August new home sales surge to 11-month high on pent-up demand | Singapore Property News

August new home sales surge to 11-month high on pent-up demand

10 Sep 2020
Property News

PENT-up demand continues to drive new home sales with 1,227 units sold in Singapore in August, an 11-month high with confident buyers pushing prices upwards amid worsening economic conditions and rising unemployment.

The high number of transactions surprised some because it was also the Hungry Ghost month, but it got an extra lift from Forett At Bukit Timah, a freehold development that was launched on Aug 8 - the first private residential project launch since the "circuit breaker" ended on June 1. A total of 212 units have been sold as of Aug 31.

According to URA Realis data, August's new home sales of 1,227 (excluding executive condominiums, or ECs) is the highest since September's 2019's 1,270, said Christine Sun, OrangeTee & Tie, head of research and consultancy.

It is also up 13.6 per cent year-on-year and 9.3 per cent over July's 1,080. Including ECs, 1,276 units were sold in August.

"Backed by pent-up demand, we had anticipated that August's new home sales could match the 1,080 units sold in July, or perhaps just moderate slightly given that market activity is typically slower during the Hungry Ghost month (which started on Aug 19)," said Wong Siew Ying, PropNex head of research and content. "Hence, the 1,227 caveats posted in August has surprised on the upside."

The property market is behaving like the equity market - it seems divorced from the wider economy - as buyers snap up all viewing appointments at sale galleries while thousands of people have lose their jobs.

Singapore's gross domestic product is expected to shrink 6 per cent this year, according to private sector economists polled by the Monetary Authority of Singapore.

Ministry of Manpower figures showed overall retrenchments - including citizens and non-citizens - of 6,700 in the second quarter and 3,220 in the first quarter.

This was higher than the peak of 5,510 during the 2003 Sars outbreak, but below the 2009 global financial crisis high of 12,760. More job losses are expected to come.

Labour chief Ng Chee Meng last month said he expects job losses to rise in the next six to 12 months as the economic impact of pandemic becomes more widely felt.

"Last month's new home sales defied gravity amid the pandemic, rising unemployment rate, Hungry Ghost month and cooling measures," said Ms Sun.

New home sales seem to be driven by domestic demand where Singaporeans formed the bulk of purchasers (84.7 per cent) for the 1,223 new non-landed private homes sold last month, she noted.

For many Singaporeans, residential properties may still be a "safer bet" especially for investors who are looking for stable returns during times of economic uncertainty.

"Properties in Singapore generally have a good track record of yielding attractive capital appreciation over the past 30 years, especially for new projects that are well-located, possess good product attributes and built by renown developers," said Ms Sun. "The low-interest rates have also provided some support for the property market as the borrowing cost or mortgages are now more affordable for new borrowers."

Evan Chung, the head of Knight Frank's property network, said the profile of buyers fit that of mostly "needs-based" purchasers. These include buyers who sold their properties and are now in need of a new home and those getting married in the coming months, or whose weddings have been pushed back due to the pandemic.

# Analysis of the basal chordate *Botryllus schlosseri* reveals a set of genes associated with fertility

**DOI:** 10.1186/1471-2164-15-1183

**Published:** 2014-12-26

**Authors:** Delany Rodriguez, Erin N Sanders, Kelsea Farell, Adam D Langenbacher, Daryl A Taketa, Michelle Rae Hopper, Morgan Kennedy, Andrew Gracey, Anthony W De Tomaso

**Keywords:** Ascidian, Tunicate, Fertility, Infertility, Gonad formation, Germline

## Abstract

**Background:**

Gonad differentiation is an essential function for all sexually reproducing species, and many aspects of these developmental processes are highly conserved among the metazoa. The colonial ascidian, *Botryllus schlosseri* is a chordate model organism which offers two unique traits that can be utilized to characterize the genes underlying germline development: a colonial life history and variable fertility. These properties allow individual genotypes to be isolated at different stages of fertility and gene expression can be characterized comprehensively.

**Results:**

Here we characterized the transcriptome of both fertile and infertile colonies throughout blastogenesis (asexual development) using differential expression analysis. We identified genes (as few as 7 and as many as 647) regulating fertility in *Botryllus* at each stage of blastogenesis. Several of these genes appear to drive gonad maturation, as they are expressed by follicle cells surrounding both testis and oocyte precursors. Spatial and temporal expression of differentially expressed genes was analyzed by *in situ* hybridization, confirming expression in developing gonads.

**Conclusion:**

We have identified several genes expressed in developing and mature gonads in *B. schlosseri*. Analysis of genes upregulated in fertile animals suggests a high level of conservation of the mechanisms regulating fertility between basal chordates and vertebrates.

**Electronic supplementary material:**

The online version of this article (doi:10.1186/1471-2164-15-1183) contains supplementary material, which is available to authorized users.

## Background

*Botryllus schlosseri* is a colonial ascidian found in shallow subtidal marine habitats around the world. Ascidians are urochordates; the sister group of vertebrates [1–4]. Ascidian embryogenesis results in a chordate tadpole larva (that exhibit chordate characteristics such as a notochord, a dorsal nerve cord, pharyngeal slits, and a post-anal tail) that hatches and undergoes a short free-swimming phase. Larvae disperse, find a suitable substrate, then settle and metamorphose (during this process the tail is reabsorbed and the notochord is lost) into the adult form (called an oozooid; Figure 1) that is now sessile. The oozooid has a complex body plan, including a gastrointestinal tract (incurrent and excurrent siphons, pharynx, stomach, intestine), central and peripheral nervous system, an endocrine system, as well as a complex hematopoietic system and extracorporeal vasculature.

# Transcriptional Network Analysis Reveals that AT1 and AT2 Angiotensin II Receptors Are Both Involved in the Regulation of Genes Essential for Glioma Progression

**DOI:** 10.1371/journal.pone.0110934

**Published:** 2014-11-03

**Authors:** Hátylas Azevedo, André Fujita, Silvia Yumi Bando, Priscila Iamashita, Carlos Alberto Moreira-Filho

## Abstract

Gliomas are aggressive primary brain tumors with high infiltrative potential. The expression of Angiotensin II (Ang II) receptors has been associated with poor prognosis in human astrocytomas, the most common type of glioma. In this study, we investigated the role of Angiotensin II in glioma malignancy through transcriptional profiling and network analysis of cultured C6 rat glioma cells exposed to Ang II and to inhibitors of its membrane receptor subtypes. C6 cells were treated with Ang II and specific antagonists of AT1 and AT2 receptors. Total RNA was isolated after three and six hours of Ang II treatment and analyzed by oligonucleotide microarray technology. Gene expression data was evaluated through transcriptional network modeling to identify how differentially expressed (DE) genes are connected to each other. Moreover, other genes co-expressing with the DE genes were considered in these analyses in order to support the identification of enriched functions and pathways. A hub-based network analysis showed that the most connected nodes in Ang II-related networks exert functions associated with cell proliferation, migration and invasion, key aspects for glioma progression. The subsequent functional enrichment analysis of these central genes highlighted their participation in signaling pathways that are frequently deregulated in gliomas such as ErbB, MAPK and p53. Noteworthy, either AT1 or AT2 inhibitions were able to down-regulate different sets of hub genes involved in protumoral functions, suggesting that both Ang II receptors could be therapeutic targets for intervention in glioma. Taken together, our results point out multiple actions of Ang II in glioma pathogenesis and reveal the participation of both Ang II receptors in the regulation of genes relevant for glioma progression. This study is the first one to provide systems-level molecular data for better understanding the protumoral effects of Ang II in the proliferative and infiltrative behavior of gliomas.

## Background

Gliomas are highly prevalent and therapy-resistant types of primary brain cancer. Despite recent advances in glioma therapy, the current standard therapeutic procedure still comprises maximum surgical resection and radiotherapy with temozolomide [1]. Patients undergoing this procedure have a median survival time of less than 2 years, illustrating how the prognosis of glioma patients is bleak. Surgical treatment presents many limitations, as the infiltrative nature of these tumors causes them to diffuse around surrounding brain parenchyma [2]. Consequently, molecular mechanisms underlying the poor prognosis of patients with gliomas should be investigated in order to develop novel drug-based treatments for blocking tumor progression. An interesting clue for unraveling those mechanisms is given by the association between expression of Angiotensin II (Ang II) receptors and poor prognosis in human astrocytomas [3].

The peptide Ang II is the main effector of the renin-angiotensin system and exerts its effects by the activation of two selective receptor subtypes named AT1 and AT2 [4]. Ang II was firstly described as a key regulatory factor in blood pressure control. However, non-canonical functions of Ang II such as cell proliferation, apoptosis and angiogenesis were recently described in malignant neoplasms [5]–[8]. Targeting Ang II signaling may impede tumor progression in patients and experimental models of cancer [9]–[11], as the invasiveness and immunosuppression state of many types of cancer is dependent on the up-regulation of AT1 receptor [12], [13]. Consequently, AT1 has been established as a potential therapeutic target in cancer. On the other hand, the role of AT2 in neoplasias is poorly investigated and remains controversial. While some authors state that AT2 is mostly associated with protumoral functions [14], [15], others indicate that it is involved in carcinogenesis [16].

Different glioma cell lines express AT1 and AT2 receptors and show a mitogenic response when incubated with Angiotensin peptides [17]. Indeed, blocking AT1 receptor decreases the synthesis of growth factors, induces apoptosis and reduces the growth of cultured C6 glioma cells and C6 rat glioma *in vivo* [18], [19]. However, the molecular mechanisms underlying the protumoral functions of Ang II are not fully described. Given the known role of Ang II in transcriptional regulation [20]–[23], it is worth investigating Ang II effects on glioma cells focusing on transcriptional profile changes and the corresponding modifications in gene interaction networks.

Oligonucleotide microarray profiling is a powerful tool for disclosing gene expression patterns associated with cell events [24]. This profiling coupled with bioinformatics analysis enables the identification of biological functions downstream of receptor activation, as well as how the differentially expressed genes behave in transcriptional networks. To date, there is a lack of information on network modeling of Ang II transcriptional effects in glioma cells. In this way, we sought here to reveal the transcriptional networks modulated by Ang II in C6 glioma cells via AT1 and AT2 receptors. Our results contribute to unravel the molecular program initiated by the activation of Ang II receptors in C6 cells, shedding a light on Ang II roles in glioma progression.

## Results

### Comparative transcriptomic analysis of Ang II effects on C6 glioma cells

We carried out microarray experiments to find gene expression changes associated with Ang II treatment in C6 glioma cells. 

"The second factor driving the sentiment on the ground stems from the fear of missing out," added Mr Chung.

Purchasers deem that the risk of price increases is greater than the risk of price declines for Singapore properties, and that they could possibly miss out on an eventual upswing in asset values that have historically followed after every recession, he noted, pointing out: "As such, sales activity quickly picks up upon word of discounts and promotions by developers."

Propping up the market again are HDB upgraders who buy in the more affordable city fringe and mass-market segments.

Drilling further into the data, buyers in August went for the more costly homes in the Rest of Central Region (RCR) pushing the share to 49.2 per cent or 604 units.

The OCR (Outside Central Region) accounted for 40.5 per cent or 497 new homes sales (excluding ECs). The expensive Core Central Region made up the remaining 10.3 per cent or 126 homes sold.

RCR's volume of 49.2 per cent is the highest since September 2019 when RCR formed 58.7 per cent of the total new home sales (excluding ECs).

Buyers are also willing to pay more, as seen by the higher median prices on a per sq foot (psf) basis in August over that of July.

The estimated median unit prices on a psf in August have all increased across the top nine projects when compared with July's median unit price, with the highest gain of 4.6 per cent at the Daintree Residence.

"Most best-seller projects have seen a gradual upward trend in pricing this year," said Lam Chern Woon, Edmund Tie senior director, research and consulting.

Added PropNex's Ms Wong: "Apart from Forett At Bukit Timah, which was launched in August, most of the top 10 best-selling projects in August had higher median transacted psf price compared to their respective median launch price."

Whistler Grand sold 51 units in August at a median price of S$1,558 psf, up 14.6 per cent from its launch price of S$1,360 psf. It was launched in November 2018.

But two of the top 10 - The Garden Residences and The Woodleigh Residences - saw declines of 5.3 per cent and 5.6 per cent respectively in their median psf. Against July's psf price, The Garden Residences and The Woodleigh Residences managed a small uptick - up 0.3 per cent and one per cent respectively.